When I give talks, I am often approached by people who are worried about their memory. Maybe they are studying for an exam and don’t feel that they learn as well as their peers. Maybe they keep forgetting to close the window when they leave the house. Or maybe they struggle to remember an event that happened a few weeks ago but which everyone else can describe in vivid detail.
To feel that your memory may not be up to scratch can be unsettling or even downright frightening. And that’s hardly surprising –- memory makes us who we are. Being able to reflect on and share the past is fundamental to our sense of identity, our relationships, and our capacity to imagine the future.
To lose any part of this ability not only causes problems in our daily routine, it threatens the very notion of who we are. By far the biggest health fear in people over the age of 50 is Alzheimer’s disease and the catastrophic loss of personal memory it entails.
Are concerns about memory the preserve of the post-retirement generation? It seems not. In fact, if modern trends are anything to go by, younger people are just as nervous of losing access to their past. Go to any big concert these days, and your view of the performer will frequently be obscured by a sea of smartphones, each committing the sights and sounds to a safe permanent digital record.
As far back as cave dwellers, humans have found ways to preserve knowledge and experiences, but has the modern lifestyle taken it a step too far? Could an over-reliance on technology make our memory systems lazier and less efficient?
Some studies have found that using an internet search engine can lead to poorer recall of information, although another study recently published
How about recording events on a smartphone? A recent study showed that a group pausing to take photos at regular intervals had poorer recall of the event than those who were immersed in the experience. And an earlier piece of research suggested that photos helped people remember what they saw, but reduced their memory of what was said. It seems that the key factor in these situation is attention – actively taking photos may distract and distance someone from aspects of an experience, meaning that less is remembered.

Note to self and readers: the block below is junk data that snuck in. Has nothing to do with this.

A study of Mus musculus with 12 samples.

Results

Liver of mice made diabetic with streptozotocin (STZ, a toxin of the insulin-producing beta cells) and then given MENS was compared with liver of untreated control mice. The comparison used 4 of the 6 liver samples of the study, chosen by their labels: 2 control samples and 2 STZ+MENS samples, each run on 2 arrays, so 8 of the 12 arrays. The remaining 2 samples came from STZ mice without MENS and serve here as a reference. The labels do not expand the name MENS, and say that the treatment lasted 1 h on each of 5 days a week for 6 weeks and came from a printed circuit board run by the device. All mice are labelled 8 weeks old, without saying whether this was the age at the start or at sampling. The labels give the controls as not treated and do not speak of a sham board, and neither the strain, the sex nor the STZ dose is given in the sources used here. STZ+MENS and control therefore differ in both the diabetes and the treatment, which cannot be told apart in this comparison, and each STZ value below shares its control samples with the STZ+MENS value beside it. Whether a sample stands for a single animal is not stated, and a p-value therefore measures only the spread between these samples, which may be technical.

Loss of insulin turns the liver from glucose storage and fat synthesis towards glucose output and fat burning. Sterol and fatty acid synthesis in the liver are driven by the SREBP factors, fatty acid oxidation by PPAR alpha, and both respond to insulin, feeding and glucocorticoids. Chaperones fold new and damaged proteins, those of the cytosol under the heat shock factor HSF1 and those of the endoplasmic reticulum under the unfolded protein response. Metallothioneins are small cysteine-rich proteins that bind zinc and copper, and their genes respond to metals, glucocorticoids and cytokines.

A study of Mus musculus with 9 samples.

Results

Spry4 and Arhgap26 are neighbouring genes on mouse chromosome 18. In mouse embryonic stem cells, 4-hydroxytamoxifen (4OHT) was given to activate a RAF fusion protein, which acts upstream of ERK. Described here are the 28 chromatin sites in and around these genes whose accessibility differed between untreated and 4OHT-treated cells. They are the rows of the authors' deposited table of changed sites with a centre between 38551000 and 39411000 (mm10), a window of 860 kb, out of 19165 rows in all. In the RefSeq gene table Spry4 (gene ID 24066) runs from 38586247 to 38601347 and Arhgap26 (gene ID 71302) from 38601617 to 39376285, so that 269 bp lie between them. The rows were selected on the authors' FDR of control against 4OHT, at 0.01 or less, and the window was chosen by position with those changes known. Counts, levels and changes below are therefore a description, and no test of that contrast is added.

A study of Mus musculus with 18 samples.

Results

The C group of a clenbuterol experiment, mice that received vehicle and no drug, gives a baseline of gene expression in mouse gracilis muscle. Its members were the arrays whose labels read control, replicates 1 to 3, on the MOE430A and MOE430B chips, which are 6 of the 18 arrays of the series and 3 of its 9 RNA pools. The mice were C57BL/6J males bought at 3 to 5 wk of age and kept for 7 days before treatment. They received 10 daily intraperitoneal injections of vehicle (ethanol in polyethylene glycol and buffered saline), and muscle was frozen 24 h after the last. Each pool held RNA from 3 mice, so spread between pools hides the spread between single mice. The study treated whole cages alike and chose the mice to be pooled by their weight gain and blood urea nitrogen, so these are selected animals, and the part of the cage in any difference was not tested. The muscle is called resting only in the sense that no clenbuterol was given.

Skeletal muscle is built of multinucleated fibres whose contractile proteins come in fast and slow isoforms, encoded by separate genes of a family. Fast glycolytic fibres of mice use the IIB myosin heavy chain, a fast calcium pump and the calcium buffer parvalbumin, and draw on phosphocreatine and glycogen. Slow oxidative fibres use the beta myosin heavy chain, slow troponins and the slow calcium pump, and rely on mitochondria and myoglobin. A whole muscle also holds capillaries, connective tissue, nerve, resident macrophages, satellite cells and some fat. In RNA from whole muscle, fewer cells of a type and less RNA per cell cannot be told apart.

However, there are novel ways around this problem if you insist on taking pictures. Our own work has shown that distraction can be countered if photos are taken automatically using a wearable camera.
While it may be true that technology is changing the way we use our memory at times, there is no scientific reason to believe that it reduces the inherent capacity of our brains to learn.
Nevertheless, in today’s fast-paced and demanding society, there are other factors that may have a negative impact, for example
There are a small number of people who may experience memory problems over and above everyday forgetfulness. Head injuries, strokes, epilepsy, brain infections such as encephalitis, or congenital conditions such as hydrocephalus, a build up of fluid in the brain, can all lead to a significant loss in our ability to retain and recall information. And recently, a new condition has been identified –- severely deficient autobiographical memory –- which describes a small percentage of the population who report a specific but marked impairment in the ability to recall their past.
These people are the exception though, and most people who worry about their memory have no real cause for concern. When it comes to remembering, we all have our own strengths and weaknesses. The friend who gets top marks in every pub quiz may be the same one who always forgets where they left their wallet. And the partner who can describe last year’s holiday in incredible detail may take forever to learn a new language. In fact, even world memory champions report everyday forgetfulness, like losing their keys.
By and large, where our memory fails us, it is because we are tired, not paying attention, or trying to do too much at once. Using lists, diaries and smartphone reminders does not make memory less efficient – rather, it frees the brain up to do other things. And instead of making us lazy, looking something up on the internet can help to reinforce or enrich our knowledge base.
But there may be occasions when technology gets in the way – by distracting us from a potentially special moment, or luring us into surfing the web instead of getting much-needed sleep. Most everyday memory lapses can be fixed simply by being more mindful and less busy. So, if you want to remember time with friends, my advice is to enjoy the moment, chat about it afterwards and enjoy a good night’s sleep.
This article originally appeared on The Conversation.
Catherine Loveday is a neuropsychologist at the University of Westminster.